A man charged with murdering the University of North Carolina student body president was arrested Wednesday as detectives hunted for a second suspect.

Police would not say which suspect they believe shot and killed Eve Carson, 22, of Athens, Ga., who was found a week ago lying on a street about a mile from campus. The biology and political science major had been shot several times, including once in the right temple.

In the days after Carson’s death, police focused their investigation on several ATM and convenience store surveillance photos.

Demario James Atwater, 21, was arrested early Wednesday as he left a home in Durham that police had placed under surveillance after receiving a tip.

Shackled at the ankles and waist, and with a public defender at his side, Atwater appeared to have a wound and a bruise on his right cheek at his court appearance. Atwater was ordered held without bond on a charge of first-degree murder. His next court date was set for March 24.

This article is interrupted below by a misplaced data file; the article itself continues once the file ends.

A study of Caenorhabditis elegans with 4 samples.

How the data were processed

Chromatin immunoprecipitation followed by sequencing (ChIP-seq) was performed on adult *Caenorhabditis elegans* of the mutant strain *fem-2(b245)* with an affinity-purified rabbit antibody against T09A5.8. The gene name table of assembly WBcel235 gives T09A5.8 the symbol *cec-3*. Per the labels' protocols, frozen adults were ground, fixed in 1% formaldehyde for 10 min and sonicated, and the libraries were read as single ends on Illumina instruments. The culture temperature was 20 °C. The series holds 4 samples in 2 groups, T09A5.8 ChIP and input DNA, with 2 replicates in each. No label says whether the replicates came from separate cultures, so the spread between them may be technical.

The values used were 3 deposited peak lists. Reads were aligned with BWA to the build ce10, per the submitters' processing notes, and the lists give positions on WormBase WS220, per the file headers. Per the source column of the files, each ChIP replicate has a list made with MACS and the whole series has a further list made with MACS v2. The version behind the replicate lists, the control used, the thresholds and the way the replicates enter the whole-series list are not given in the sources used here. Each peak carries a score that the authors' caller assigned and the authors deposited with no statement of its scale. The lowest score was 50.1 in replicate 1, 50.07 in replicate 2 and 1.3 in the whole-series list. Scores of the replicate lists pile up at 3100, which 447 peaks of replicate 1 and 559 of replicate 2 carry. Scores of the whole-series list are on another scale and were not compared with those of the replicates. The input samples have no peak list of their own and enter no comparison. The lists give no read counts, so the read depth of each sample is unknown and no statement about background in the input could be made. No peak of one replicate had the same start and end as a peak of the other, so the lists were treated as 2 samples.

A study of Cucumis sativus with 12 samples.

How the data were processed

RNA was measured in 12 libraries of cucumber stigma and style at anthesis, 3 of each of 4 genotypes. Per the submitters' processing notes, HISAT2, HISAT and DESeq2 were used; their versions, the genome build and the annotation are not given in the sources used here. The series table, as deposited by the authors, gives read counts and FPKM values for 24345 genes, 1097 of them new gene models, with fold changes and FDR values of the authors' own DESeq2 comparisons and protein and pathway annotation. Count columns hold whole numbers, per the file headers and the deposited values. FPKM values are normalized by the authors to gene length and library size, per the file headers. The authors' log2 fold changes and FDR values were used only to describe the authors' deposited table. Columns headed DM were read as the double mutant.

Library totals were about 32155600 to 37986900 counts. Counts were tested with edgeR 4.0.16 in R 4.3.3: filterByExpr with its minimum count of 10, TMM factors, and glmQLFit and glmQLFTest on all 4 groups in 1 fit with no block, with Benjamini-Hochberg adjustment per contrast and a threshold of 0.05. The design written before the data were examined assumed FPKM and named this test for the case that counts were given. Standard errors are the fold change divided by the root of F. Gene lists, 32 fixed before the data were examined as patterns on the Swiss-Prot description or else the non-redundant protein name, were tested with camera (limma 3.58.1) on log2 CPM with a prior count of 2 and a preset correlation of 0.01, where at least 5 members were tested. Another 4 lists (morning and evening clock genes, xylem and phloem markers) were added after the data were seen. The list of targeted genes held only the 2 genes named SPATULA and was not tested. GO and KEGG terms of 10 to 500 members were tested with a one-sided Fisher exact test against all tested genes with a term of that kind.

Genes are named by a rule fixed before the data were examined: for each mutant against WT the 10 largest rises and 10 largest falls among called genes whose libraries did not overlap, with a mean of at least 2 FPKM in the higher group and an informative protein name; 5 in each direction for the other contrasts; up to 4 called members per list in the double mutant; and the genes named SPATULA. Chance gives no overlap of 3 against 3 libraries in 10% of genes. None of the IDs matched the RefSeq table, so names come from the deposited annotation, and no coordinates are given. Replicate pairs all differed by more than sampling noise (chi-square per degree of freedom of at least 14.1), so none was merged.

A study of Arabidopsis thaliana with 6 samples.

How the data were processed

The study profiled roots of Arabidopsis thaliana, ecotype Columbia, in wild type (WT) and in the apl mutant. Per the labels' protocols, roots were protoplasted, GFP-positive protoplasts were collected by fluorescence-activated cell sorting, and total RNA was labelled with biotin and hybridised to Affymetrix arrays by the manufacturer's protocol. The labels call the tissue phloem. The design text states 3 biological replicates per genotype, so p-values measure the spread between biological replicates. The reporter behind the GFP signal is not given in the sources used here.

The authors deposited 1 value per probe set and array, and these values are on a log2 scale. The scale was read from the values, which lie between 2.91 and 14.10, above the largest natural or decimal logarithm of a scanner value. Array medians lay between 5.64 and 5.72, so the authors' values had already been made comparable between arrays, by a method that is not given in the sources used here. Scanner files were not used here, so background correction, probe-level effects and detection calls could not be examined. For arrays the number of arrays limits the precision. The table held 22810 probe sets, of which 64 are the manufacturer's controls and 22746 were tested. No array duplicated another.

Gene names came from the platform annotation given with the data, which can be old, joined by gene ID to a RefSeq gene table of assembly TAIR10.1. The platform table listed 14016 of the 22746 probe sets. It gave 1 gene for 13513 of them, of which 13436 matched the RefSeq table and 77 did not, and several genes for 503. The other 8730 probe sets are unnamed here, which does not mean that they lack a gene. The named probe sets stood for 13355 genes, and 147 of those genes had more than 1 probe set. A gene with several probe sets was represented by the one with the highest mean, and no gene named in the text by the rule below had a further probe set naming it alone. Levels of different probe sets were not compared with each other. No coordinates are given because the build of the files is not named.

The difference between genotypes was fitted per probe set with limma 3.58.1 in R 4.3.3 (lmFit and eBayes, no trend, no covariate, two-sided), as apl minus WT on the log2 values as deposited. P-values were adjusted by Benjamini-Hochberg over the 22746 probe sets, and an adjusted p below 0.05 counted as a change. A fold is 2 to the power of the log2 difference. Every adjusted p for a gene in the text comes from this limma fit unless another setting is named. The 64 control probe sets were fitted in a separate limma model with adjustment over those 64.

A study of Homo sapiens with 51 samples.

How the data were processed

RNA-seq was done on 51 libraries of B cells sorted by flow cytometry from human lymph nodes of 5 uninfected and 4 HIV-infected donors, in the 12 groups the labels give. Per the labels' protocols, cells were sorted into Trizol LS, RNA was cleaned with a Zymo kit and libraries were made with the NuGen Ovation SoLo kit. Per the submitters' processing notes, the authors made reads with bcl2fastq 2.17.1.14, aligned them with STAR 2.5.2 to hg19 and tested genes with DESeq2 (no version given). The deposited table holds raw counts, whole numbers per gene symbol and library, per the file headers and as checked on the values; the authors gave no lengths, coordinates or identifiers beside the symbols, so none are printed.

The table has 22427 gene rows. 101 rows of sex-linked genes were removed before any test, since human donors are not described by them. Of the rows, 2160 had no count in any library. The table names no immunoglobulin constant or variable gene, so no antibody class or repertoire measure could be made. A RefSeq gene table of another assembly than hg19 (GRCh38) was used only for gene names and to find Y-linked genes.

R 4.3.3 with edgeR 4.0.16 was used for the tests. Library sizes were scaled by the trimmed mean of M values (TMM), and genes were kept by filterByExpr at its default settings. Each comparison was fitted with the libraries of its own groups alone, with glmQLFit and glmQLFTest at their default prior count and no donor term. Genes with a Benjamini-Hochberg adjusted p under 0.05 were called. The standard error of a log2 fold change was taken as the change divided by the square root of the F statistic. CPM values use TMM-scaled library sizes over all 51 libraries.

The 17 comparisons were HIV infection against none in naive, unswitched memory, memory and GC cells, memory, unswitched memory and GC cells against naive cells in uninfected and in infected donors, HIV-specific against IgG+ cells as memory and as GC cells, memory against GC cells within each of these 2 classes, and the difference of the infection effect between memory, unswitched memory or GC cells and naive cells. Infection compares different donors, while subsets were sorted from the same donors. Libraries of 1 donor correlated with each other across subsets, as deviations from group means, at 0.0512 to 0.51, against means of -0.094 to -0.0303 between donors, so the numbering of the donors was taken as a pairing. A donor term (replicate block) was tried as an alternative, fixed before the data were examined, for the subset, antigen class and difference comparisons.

Police said they are still searching for the second suspect, 17-year-old Lawrence Alvin Lovette Jr., who was thought to be armed and dangerous.


Kevorkian plans run for House seat

Assisted-suicide advocate Jack Kevorkian plans to run for Congress, complicating a Michigan race that is expected to be among the most competitive in the nation.

The so-called “Dr. Death,” who was released from prison last year and remains on parole, will run as a candidate with no party affiliation for a congressional seat representing Detroit’s suburbs, an associate said.

“Jack is in great spirits, and he intends to do this. He just hopes for some honesty in government,” said Ruth Holmes, Kevorkian’s longtime jury consultant.

Kevorkian plans to focus on prison reform and bringing integrity to the government, Holmes said.

Holmes said Kevorkian would need to collect 3,000 signatures by mid-July to be placed on the ballot.

The Oakland County seat currently is held by Republican Rep. Joe Knollenberg, who is being challenged by Democrat Gary Peters, a former state lottery commissioner who has been highly touted by national party leaders.